Valeant raises cash-stock offer for Allergan
Valeant Pharmaceuticals has pumped more cash into its bid to buy Botox maker Allergan, and it also defended its business model on Wednesday, a day after its reluctant acquisition target aired more concerns about a deal.
The Canadian drugmaker said it will now offer $58.30 and a portion of its stock for each Allergan share. The revised bid that could be worth more than $50 billion, based on Tuesday's closing price for U.S.-traded Valeant shares.
Valeant Pharmaceuticals International Inc. also added a contingent value right shareholder payment based on future sales of a potential eye treatment.
Valeant raised the cash portion of its offer by $10 from a previous bid of $48.30 per share. That was part of an offer Allergan rejected that was worth nearly $46 billion when Valeant announced it last month.
Valeant Chairman and CEO J. Michael Pearson told investors in a Wednesday morning webcast that he had talked to many Allergan stock owners "and the real message we continually got back is Allergan shareholders want this deal to occur, but they wanted a higher price."
That price still may not be high enough for those investors. Shares of both companies fell more deeply than the broader market after trading started Wednesday.
Allergan Inc. said in a brief statement it would carefully review the new proposal.
The latest bid totals $166.16 in cash and stock for each Allergan share. Credit Suisse analyst Dr. Vamil Divan said in a research note he believes shareholders may be looking for something in the $180 range.
Allergan, which also makes the dry eye treatment Restasis, has said repeatedly that it opposes a deal with Valeant. On Tuesday, it questioned Valeant's ability to deliver organic growth, which doesn't count gains through acquisition. It also said in a statement that the Canadian drugmaker has limited experience with "large, global scale products" and would cut research and development costs too much.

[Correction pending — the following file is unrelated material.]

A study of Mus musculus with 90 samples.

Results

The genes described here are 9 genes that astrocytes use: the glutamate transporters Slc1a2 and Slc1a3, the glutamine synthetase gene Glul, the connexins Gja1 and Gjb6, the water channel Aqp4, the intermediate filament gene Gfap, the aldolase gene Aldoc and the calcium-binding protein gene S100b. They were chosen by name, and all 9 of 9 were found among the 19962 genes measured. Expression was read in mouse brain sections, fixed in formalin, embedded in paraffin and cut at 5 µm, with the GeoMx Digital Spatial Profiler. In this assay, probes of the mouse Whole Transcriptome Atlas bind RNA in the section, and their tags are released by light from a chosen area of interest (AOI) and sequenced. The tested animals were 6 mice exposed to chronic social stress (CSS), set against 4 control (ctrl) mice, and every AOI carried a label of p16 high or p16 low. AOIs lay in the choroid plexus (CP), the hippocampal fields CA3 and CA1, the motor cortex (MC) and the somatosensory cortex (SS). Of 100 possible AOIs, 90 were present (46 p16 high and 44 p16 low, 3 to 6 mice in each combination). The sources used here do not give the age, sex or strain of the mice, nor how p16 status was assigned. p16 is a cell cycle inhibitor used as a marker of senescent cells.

"Valeant's model of taking on debt to serially acquire companies will become incrementally harder to do as interest rates move higher," Allergan said in its statement.
Shortly after Valeant made its offer public, Allergan announced a so-called poison pill plan, a defensive tactic that makes a buyout prohibitively expensive. Earlier this month, Allergan said that Valeant's uncertain long-term growth prospects and business model create a risk for Allergan shareholders, given the stock component of the offer.
Valeant made its initial bid along with activist investor Bill Ackman. The investor's Pershing Square Capital Management LP holds a 9.7 percent stake in Allergan. Pershing had agreed to take only stock if the deal went through and would remain as a long-term shareholder of the combined company.
Valeant Chairman and CEO J. Michael Pearson said Wednesday in a letter to his Allergan counterpart, David Pyott, that the two sides should meet.
"It appears based on Allergan's recent public statements that you have a fundamental misunderstanding of our business model and its performance," Pearson wrote.
Valeant also said Wednesday that Allergan's analysis of its business "was full of errors," and its operating model would speed up growth for Allergan products, especially in developing markets.
"The numerous inaccuracies in Allergan's analysis call into question the quality of the analysis they, and their advisers, have done on the attractiveness of a deal," the company said in a slide show supporting its webcast. "We remain confident that investors have a clear view of this deal's potential."
Pearson also touted the performance of several Valeant executives during his presentation to investors, although he acknowledged he couldn't pronounce some of their last names.
Separately, Nestle said Wednesday that it will pay $1.4 billion in cash to Valeant for the rights to sell lip and wrinkle treatment Restylane and other skin products in the U.S. and Canada.
Shares of Irvine, California-based Allergan fell 4.4 percent, or $7.19, to $157.83 Wednesday morning, and U.S.-traded shares of Valeant dropped 3.5 percent, or $4.51, to $125.44. Meanwhile, the Standard & Poor's 500 index fell slightly.